Illustration: Shyamal Banerjee/Mint
Illustration: Shyamal Banerjee/Mint

Comeuppance for Vijay Mallya

Recent events indicate that the end game could have begun for the erstwhile liquor king and airline wannabe

The end game could have begun for erstwhile liquor king and airline wannabe Vijay Mallya. The ministry of corporate affairs has turned down his application to become managing director of Kingfisher Airlines Ltd for another five years. He has stepped down from the chairmanship of Mangalore Chemicals and Fertilizers Ltd. And angry shareholders of United Spirits Ltd have rejected a string of financing deals between new owner Diageo Plc and companies controlled by Mallya. These three recent blows come a few weeks after bankers have moved to declare him a wilful defaulter.

It was only last week that Reserve Bank of India (RBI) governor Raghuram Rajan lashed out at the way in which some businessmen claim a divine right to stay in control of an ailing company without bringing in any fresh money. These promoters capture the upside in the good times but leave taxpayers holding the can during downturns. There are many sick companies but no sick promoters, Rajan said. “We need a change in mindset, where the wilful or non-cooperative defaulter is not lionized as a captain of industry, but justly chastised as a freeloader on the hardworking people of this country."

What has happened to Mallya in the past few weeks shows that various parts of the system have reacted in the correct way. The bankers who say he is a wilful defaulter, the ministry that has used its powers to deny him another term at the helm of Kingfisher Airlines and shareholders who have voted against what many critics believe were a string of sweet financing deals for Mallya from a liquor company he once controlled.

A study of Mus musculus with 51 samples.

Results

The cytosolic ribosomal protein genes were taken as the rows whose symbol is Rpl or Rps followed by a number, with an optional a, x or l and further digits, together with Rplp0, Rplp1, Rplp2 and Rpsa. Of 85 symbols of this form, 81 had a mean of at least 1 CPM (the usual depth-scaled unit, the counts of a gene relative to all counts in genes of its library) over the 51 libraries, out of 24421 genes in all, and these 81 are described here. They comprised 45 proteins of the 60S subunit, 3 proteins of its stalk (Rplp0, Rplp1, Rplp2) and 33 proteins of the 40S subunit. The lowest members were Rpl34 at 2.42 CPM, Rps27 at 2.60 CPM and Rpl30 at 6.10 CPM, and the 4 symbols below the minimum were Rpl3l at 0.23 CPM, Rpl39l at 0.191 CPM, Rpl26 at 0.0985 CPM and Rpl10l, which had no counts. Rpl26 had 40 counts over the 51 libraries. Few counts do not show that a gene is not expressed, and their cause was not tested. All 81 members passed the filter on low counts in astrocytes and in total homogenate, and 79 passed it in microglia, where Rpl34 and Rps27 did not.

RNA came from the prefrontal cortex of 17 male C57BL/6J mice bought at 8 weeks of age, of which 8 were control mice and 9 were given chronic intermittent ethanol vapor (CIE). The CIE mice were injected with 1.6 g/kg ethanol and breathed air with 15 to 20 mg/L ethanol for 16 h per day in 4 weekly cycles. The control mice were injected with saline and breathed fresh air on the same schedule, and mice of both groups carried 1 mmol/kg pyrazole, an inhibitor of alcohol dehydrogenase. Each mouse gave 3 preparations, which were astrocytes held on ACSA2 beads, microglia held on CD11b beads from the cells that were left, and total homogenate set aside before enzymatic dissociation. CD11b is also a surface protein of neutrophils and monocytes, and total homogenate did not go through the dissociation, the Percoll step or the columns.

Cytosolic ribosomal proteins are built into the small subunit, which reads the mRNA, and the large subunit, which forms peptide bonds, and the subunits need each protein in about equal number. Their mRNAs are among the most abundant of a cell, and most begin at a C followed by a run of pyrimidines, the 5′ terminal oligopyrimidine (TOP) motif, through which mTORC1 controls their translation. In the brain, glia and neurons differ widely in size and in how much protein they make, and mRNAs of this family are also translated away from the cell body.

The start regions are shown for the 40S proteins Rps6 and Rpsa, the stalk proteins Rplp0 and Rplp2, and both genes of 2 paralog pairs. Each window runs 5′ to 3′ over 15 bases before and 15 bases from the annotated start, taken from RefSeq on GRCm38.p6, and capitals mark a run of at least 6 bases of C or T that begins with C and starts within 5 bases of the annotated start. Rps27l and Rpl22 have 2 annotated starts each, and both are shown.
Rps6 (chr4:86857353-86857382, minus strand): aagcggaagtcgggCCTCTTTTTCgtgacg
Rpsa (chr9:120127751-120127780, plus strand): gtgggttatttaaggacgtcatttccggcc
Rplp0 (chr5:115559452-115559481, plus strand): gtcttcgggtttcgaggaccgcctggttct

What is troubling is the record of the boards of the three companies—the directors were either silent or resigned only when their own reputations were at risk. “The silence of company boards during some of the more contentious corporate episodes in recent years—from the Ambani family dispute to the telecom scandal—is telling. Many of the best Indian companies have independent directors who have been there for so long, sometimes as long as two decades, that their independence could be compromised. Some professionals sit on so many boards that it is hard to see how they do justice to their positions," we had written in these columns in September.

We had said then that the coming months could prove to be the winter of our shareholder discontent. Our essential argument was that while corporate boards should be the first line of defence in protecting shareholder interest, the fact that so many Indian boards are ineffectual means that activist shareholders have to be more vigilant. The success that the United Spirits shareholders have had in blocking nine of the 12 proposals at the company’s annual general meeting should be seen against this backdrop.

There are some signs that shareholders are prepared to fight it out. Three recent examples come to mind. The Children’s Investment Fund Management Llp based in London took on the government when it began to fiddle with coal prices in a way that hurt shareholder returns. Tata Motors Ltd shareholders did not take kindly to a new compensation plan for senior executives in July. The proposal that a new car plant would be built by parent Suzuki Motor Corp. rather than Maruti did not go down well with shareholders of that company either.

The Indian business class is known to close ranks to protect its own. Such a circling of the wagons effectively means that everyone is looked upon with suspicion at a time when crony capitalism is a genuine concern. India has no shortage of companies that are managed well and which hold their own in competitive markets rather than living off government patronage. It is the more progressive parts of the business class that needs to speak in favour of corporate governance reforms. Their silence threatens the legitimacy of Indian capitalism.